Friday, December 26, 2014
The book is mostly told from Elwes viewpoint, with sidebar comments from the others involved in the making of the movie. It was interesting to hear some of the stories, and it was especially interesting to see the pictures from the making of the movie. There wasn't anything heavy or earth shattering about the stories. Instead, it was a pleasant walk through the memories of an assorted band of creative people brought together through the luck of fate. I can't imagine the movie without the actors in it. I loved the movie so much that i read the book by William Goldman several years ago.
If you love the movie, Elwes' book will be a pleasant jaunt down memory lane.
Saturday, December 13, 2014
I did have time to skim a couple of books. The first was 41: a Portrait of My Father by George W. Bush. I liked George W. Bush as a president, and in his post president years, he has come across as a much more amiable, fun person than I imagined. In 41, George W. gives us a personal picture of his father through his son's eyes. Of course, 41 represents George Bush (the father) who was the 41st president. George W. said that he wrote the book because David McCullogh's daughter had talked to George W. about how McCullogh was disappointed that John Quincy never wrote anything about his father. George W. does not give a political view of his gather, but he does provide a personal view of the man. We learn about the type of man that George Bush is (and was). Of course, the picture is painted through the jaundiced eyes of the son, but it is touching to see the great love that George W. has for his father. My impression of George Bush changed after reading the book. I gained respect for George Bush because he seems to have lived his life with honor and respect for others.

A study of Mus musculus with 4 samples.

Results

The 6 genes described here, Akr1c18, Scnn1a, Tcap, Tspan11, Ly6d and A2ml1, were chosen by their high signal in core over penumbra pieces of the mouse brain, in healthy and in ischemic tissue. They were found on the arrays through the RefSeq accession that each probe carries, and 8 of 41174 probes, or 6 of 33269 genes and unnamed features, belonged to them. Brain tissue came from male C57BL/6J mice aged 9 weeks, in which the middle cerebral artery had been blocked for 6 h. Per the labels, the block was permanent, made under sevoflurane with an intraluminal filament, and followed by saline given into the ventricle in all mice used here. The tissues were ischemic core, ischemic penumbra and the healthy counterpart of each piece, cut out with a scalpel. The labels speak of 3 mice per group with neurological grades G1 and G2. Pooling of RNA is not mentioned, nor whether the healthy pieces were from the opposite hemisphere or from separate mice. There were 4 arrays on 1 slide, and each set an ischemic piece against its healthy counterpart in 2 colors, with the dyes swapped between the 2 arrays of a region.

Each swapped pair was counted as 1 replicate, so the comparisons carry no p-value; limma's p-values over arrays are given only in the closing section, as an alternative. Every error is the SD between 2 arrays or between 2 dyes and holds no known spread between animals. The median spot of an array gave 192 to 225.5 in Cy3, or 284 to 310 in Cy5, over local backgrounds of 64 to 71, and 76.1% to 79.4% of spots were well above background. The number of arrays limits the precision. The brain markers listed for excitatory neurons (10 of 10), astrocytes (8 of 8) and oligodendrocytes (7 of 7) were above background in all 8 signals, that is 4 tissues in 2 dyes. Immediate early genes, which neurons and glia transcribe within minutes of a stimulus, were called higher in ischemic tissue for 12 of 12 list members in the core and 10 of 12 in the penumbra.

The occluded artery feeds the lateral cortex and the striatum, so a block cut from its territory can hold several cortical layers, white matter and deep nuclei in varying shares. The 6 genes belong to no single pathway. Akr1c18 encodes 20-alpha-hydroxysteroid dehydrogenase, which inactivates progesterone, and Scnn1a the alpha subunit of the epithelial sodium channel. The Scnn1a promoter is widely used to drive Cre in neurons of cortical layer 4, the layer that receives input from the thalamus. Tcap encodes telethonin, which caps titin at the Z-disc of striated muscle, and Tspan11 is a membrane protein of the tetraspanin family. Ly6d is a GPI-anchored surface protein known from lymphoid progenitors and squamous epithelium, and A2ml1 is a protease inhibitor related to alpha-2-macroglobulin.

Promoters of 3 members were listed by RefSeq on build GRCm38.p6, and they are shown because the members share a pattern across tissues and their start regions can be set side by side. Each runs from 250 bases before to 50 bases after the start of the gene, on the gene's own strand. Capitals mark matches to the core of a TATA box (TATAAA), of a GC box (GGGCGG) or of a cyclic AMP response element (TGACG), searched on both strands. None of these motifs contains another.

The other book that I skimmed through was Zoobiquity: the Astonishing Connection Between Human and Animal Health by Barbara Watterson-Horowitz, M.D. and Kathryn Bowers. I got the book because I saw the TED Talk that Watterson-Horowitz gave on the connections she has made between animals and humans. It in that past, animals and humans were treated by the same doctor. However, as we moved away from a farming society, dependent on horses for transportation, the separation between doctors and vets began. Watterson-Horowitz, a cardiologist, was called in to help treat primates at the Los Angeles zoo with potential heart problems. She found that health problems seemed to cross species. As an example, the recent discovery that the human heart can suffer from emotional distress. Well, vets have known for years that animals can die from fright at capture. As Watterson-Horowitz continued to research the connections between animal and human health, she discovered that doctors could learn a lot from vets. Vets routinely read human research journals, while doctors wouldn't even consider looking at veterinary medicine research. That elitist attitude is ridiculous because it's harder to get into vet school than it is to get into medical school. Zoobiquity has plenty of stories to show the connections between humans and animals. You can enjoy the stories Watterson-Horowitz tells of her animal encounters without having a medical degree. Zoobiquity is a fun, thought-provoking book.